Hooks and needles: Boyle County-based group crochets, knits and looms handmade items to donate
What started as a four-week program at the Boyle County Public Library to make hats for homeless individuals has turned into a more than four-year Monday night group, making hats, scarves, gloves and more for a variety of organizations.
“Our goal was 100 hats to start with and we did 200,” said Kathy Phillips, one of the original members and a staff member at the library. “They all wanted to keep doing it, so we did. It’s been a fabulous group.”
Since then, they have made thousands of items, and have sent:
• hats to soldiers overseas;
• hats, gloves and scarves to school children at the Kentucky School for the Deaf, the Danville Independent Schools and the Boyle County Schools, to the Salvation Army and to an American Indian Reservation in South Dakota;
• blankets and lap quilts to to Heritage Hospice; and
• baby hats and blankets, along with lap quilts to hospitals.
And, they’re still sending items to help the homeless.
Susan Brashears, of Perryville, one of the early members of the group, knits and crochets. She said one of her favorite groups to send to was the Kentucky School for the Deaf, because they always receive a thank you card and a photo of some of the students wearing the items.
Brashears got her mom Terry Lewis, also of Perryville and a crocheter, coming along in those early days, too. It’s been fun, she said.
“You get to relax and have fun,” she said.
Initially, there were going to be food and speakers, but Brashears said they decided to stop doing that part, and the group moved into the old part of the library, into the reading room.
Charlotte Norby, of Danville, was one of the early members, too, although she took a slight break.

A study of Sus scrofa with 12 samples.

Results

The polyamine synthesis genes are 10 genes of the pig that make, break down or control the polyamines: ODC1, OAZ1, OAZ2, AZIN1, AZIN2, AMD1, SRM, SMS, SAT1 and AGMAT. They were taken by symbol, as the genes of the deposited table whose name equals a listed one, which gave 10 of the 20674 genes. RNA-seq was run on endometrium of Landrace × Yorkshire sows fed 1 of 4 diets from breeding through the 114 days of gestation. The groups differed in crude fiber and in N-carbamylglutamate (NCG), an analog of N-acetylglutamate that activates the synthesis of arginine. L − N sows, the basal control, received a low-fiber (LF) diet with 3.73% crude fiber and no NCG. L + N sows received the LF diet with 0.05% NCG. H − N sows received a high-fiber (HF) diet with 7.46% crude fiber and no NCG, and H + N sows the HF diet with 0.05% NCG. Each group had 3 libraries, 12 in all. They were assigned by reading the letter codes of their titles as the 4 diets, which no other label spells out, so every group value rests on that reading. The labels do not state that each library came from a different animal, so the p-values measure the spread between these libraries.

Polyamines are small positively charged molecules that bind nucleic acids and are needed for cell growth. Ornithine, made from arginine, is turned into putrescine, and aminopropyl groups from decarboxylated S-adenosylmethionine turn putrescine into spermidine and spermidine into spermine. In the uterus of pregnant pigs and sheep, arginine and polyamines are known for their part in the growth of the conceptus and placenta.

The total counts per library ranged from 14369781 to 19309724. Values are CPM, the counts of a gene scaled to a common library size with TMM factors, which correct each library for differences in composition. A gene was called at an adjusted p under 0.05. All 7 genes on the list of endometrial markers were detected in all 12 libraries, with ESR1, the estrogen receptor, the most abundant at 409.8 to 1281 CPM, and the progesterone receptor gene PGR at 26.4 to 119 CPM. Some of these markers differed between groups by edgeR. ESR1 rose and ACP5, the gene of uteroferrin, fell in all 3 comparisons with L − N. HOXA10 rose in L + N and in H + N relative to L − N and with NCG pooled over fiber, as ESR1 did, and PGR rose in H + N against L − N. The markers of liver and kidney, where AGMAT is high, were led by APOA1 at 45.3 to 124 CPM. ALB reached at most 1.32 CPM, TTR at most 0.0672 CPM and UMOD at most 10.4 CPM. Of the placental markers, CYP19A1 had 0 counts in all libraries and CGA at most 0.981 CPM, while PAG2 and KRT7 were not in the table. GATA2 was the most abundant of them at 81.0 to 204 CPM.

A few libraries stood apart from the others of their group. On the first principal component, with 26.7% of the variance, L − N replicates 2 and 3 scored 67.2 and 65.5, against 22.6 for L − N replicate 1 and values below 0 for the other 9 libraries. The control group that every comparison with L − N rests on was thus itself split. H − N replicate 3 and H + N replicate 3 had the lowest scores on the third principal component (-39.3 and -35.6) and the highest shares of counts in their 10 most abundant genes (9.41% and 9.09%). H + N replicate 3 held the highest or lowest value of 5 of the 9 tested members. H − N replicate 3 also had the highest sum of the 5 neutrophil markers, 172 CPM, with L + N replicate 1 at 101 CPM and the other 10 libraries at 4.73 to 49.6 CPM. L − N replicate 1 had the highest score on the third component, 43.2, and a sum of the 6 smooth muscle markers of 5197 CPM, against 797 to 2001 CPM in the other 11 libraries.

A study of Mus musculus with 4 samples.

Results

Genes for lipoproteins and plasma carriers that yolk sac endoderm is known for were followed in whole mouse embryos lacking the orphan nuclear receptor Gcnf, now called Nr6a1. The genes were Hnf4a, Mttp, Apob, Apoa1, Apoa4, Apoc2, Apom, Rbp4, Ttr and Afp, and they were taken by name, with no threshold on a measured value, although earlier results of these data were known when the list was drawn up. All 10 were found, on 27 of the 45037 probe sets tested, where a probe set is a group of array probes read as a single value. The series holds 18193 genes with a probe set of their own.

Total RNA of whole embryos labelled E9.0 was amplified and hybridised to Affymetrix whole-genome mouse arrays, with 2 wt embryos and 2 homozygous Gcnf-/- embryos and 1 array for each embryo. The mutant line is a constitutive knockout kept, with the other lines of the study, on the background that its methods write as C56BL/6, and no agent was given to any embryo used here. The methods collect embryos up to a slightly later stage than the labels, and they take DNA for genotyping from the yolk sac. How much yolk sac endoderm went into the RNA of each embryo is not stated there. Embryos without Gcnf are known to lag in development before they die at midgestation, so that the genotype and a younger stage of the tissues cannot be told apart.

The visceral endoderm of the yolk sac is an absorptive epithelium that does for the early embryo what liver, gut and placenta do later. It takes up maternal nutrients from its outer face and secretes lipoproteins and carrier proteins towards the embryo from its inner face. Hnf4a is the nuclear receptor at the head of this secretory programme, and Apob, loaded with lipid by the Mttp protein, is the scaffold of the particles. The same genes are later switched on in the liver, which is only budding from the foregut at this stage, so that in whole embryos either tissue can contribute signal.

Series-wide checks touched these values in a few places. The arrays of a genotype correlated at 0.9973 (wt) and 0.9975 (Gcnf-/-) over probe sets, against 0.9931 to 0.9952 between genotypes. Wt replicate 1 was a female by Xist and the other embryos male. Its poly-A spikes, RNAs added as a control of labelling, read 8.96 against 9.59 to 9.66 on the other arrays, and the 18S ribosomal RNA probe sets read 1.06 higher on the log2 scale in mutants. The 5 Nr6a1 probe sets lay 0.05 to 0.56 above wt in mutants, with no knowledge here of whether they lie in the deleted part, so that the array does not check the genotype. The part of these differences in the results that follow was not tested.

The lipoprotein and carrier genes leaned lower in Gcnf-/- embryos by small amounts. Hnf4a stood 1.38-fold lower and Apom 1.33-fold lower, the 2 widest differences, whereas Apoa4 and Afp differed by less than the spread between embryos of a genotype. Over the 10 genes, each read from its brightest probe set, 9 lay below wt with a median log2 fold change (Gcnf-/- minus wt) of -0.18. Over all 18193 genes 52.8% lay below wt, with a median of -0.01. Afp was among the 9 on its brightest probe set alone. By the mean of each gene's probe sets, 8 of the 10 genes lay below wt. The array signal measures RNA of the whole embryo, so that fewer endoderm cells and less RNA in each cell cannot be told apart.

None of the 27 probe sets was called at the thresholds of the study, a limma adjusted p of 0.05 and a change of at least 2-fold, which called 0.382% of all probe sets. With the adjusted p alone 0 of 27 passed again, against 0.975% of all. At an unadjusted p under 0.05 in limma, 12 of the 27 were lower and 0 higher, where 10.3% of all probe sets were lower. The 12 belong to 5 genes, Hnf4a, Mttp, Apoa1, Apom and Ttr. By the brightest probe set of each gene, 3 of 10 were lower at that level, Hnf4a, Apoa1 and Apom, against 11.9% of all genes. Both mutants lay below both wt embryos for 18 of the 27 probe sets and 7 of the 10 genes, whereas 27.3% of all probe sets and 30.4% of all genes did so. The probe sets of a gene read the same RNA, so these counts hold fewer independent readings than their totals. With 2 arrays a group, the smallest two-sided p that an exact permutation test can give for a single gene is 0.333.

“I thought it was only four weeks, so I stopped coming,” she said, smiling. “Much later, someone said, ‘How come you’re not coming anymore?’ and I said, ‘I thought it was just the four weeks.’ ‘No, no, we’re still going.’ I had no idea.”
There’s no official leader to the group, which just comes in and starts working. New members are always welcome and there’s no fee to join. For those who are interested in attending, but don’t know how to knit, crochet, or use a loom, members will teach them.
Kathleen Pemberton, of Junction City, who learned to crochet as a child, was visiting for the first time on Monday. Pemberton said she was trying to relearn the craft. Charlotte Sands was helping her, while also crocheting. When Sands, who lives in the Crab Orchard area, started a few years ago, she began bringing her mom, Gloria Sands. Later, her dad Gary Sands started coming with them.
So far, Gary, who was using a loom, is holding his own as the only man who regularly attends, however, they said there had been others before.
Anywhere from five to 12 people attend each week, and the group is all ages. There aren’t currently any children participating, but they have had kids in the past.
The group is always open to accepting donations of yarn, too, Phillips said, which helps them continue making and giving items away. The yarn stays at the library, and can be dropped off there. She said there are also people who can’t attend the weekly events, such as herself, and instead send donations in.
SO YOU KNOW
Crafters Who Care meets 6-8 p.m. Mondays at the Boyle County Public Library.
If you don’t know how to knit, crochet or use a loom, members are willing to teach. Participation is free, simply show up. Yarn donations are accepted. Call (859) 238-7323 for more information.